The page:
Thursday, June 30, 2011

I HATE Nitrocellulose Lacquer

Compared to water-based lacquer, Nitro SUCKS!!! It takes way too long to cure and it never has the same hardness as water-based lacquer. I'm using nitro on a guitar right now and I swear, I'll never use it again. Here's a close up of the surface:

Even after a month, this stuff still is so soft anything that touches it leave an imprint. I spoke with several manufactures, and they basically said that nitro lacquer can take up to a year to fully harden.  The big guitar companies have either abandoned nitro lacquer or they use a special formulation that is cured using UV lights. I'll use Target Coatings water-based from now on. Screw nitro!

Wednesday, June 29, 2011

The start of something BIG!

I've been hard at work developing my next round of guitar builds, which will be sold under the Highline brand I created last year. What I plan to do is build a couple of standard models to be sold as is. These guitars will be real nice in terms of wood, components and craftsmanship. Every now and then, I throw in a guitar design that'll be really off the wall. In the meantime, check out the prep work for a run of single cut guitars:

5 bookmatched, flame Maple tops, 5 flamed Maple headstock caps
and a pair of Honduran Mahogany neck blanks.

Friday, June 24, 2011

A Nice Canarywood Neck

I picked up a nice mostly quartersawn slab of Canarywood the other day and decided to make a 25.5" scale neck. This one will be used on a new design I'm building, which I will detail later. I like Canarywood, because not only is it easy to work with and relatively cheap, but also because its tone and resonance is amazing. It's a little brighter than Mahogany, but way more consistent and reliable. I also like the grain color.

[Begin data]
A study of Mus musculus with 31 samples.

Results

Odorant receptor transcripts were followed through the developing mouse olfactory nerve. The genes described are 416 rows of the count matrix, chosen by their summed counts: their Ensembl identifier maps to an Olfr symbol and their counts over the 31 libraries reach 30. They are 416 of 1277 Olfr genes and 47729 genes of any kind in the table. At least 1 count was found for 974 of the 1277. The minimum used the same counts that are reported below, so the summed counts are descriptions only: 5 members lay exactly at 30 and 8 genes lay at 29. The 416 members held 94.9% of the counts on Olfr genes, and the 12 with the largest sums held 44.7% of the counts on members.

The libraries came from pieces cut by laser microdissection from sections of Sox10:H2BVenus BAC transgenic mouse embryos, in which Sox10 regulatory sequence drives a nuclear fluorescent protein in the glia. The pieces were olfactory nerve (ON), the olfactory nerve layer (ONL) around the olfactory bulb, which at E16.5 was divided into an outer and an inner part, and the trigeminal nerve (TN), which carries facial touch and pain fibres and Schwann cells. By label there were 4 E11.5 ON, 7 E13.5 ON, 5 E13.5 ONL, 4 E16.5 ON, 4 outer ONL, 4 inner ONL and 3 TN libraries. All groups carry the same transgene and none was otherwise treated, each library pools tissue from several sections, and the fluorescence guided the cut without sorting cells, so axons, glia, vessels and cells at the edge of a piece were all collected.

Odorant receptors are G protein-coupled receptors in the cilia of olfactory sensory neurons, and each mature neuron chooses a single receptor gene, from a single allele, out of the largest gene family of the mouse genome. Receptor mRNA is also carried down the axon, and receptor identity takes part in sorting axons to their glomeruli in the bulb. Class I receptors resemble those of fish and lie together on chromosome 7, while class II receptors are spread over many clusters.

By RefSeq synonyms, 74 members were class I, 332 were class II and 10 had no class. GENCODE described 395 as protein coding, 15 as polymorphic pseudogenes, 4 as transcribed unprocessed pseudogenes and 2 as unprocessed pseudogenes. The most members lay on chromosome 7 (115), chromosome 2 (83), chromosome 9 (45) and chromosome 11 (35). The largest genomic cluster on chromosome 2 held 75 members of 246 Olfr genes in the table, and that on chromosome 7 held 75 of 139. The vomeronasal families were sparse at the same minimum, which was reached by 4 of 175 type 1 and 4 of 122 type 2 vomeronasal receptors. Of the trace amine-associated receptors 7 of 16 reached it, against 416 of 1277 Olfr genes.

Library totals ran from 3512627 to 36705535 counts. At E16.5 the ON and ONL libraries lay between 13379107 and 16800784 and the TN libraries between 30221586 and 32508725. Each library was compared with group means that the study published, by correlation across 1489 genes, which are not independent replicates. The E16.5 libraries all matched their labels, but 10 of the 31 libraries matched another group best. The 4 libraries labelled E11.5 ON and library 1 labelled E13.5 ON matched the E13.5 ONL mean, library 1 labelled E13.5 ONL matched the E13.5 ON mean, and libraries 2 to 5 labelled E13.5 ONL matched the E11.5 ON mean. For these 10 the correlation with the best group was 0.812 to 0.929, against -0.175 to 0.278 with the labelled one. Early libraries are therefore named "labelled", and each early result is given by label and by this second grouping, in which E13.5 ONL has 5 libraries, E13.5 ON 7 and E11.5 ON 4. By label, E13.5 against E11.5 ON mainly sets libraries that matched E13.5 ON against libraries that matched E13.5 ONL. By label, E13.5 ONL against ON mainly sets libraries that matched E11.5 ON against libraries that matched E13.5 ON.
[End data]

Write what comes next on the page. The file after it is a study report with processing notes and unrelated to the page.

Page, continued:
Sunday, June 12, 2011

Electric Guitars For Sale

I just posted two of my latest creations on eBay. Both the Highline Improv and Prodigy are now available to bid on. Don't miss this opportunity to own one of these custom, handmade guitars. Here are links to both:

The Highline Improv

The Highline Prodigy

Sunday, June 5, 2011

This Guitar Is A Bloody Mess!

I added the red lacquer by spraying, splattering and dripping.
The control cavity cover features an image of Count Orlok
from the movie Nosferatu, eine Symphonie des Grauens

Wednesday, June 1, 2011

A Refined Truss Rod Access Solution

Every guitar I build is a one-off, handmade instrument. Since each one is different, I often encounter problems, which require a creative solution. While building the Highline Prodigy, I wanted the access to the truss rod adjustment nut to be easy, yet inconspicuous. I kept carving away wood at the heel of the neck, the body and the pickguard in order to make it easy to insert an allen wrench into the nut. However, the result started to look a bit clunky. To resolve this problem, I cut a piece of wood that matches the pickguard and made a nice looking cover. I guess it's true that necessity is the mother of invention. Here are some photos of how solved the problem:

Guitar Pickups That'll Have You Seeing Red

A customer asked me if he could have his humbuckers in red with red rings. The only way I could do it was to use some Krylon plastic paint. I sprayed the bobbins and rings with three coats and let it cure for a week. Seems like a pretty tough finish. I may do a set for myself as a long term test.